Before you know it, your Thanksgiving feast will be over. All the guests gone. The table is cleared, and the dishes are done. But there is one more thing you need to consider: leftovers.
There’s no other holiday where the leftovers play as an important role as the main meal. From the turkey and stuffing to mashed potatoes and veggies, so many parts of the feast are prime candidates for new dishes in the days ahead.
But before that can happen, you must store those leftovers properly. Here are some tips:
• Store leftovers within two hours of your meal. The U.S. Department of Agriculture Food Safety and Inspection Service website says to toss food that has been left out for longer than two hours at room temperature because it could be unsafe. If the temperature is above 90 degrees (that’s certainly not an issue here), the limit is one hour.
• Don’t store the whole turkey with meat still on it in the refrigerator. Pick all the meat from the bones, place in plastic bags or storage containers and store separately. Use the meat within 3 to 4 days or freeze.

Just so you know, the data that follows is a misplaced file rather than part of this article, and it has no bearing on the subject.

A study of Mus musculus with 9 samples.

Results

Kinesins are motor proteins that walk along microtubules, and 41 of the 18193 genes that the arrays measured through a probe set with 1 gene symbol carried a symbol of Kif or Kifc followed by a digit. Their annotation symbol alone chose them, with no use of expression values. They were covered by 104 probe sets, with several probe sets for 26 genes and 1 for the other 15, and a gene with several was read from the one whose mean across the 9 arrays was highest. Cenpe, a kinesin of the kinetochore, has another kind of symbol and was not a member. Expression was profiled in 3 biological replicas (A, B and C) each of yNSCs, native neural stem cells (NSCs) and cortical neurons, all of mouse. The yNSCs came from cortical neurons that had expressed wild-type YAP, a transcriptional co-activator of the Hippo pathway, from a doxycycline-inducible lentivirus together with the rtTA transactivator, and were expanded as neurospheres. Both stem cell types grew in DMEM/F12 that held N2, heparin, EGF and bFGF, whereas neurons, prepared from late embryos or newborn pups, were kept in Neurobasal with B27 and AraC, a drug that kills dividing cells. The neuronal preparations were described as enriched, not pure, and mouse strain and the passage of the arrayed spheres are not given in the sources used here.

• When using leftover turkey in a recipe, remember that it just needs to be reheated because it’s already cooked. Prepare other ingredients first, according to your recipe. Then add the leftover turkey.
• If you plan on making stock, store the carcass and bones in a plastic bag.
• Stuffing and gravy keep two days in the refrigerator. Stuffing can be frozen for one month, gravy up to six months.
• Side dishes and casseroles will keep three to four days in the refrigerator.
• Cooked mashed potatoes or sweet potatoes keep three to four days in the refrigerator. These also freeze well in airtight containers for 10 to 12 months, but leave about a half-inch of space at the top. Reheat over low-medium heat in a saucepan with 1 to 2 tablespoons milk or water, stirring to prevent sticking.
• Store cranberry sauce in an airtight container in the refrigerator for up to one week. Fresh, whole cranberries will keep in the refrigerator for up to two weeks and in the freezer for up to one year.
Today’s recipes — for two soups, a pot pie and a sandwich — use mainly kitchen staples, saving you a trip to the store.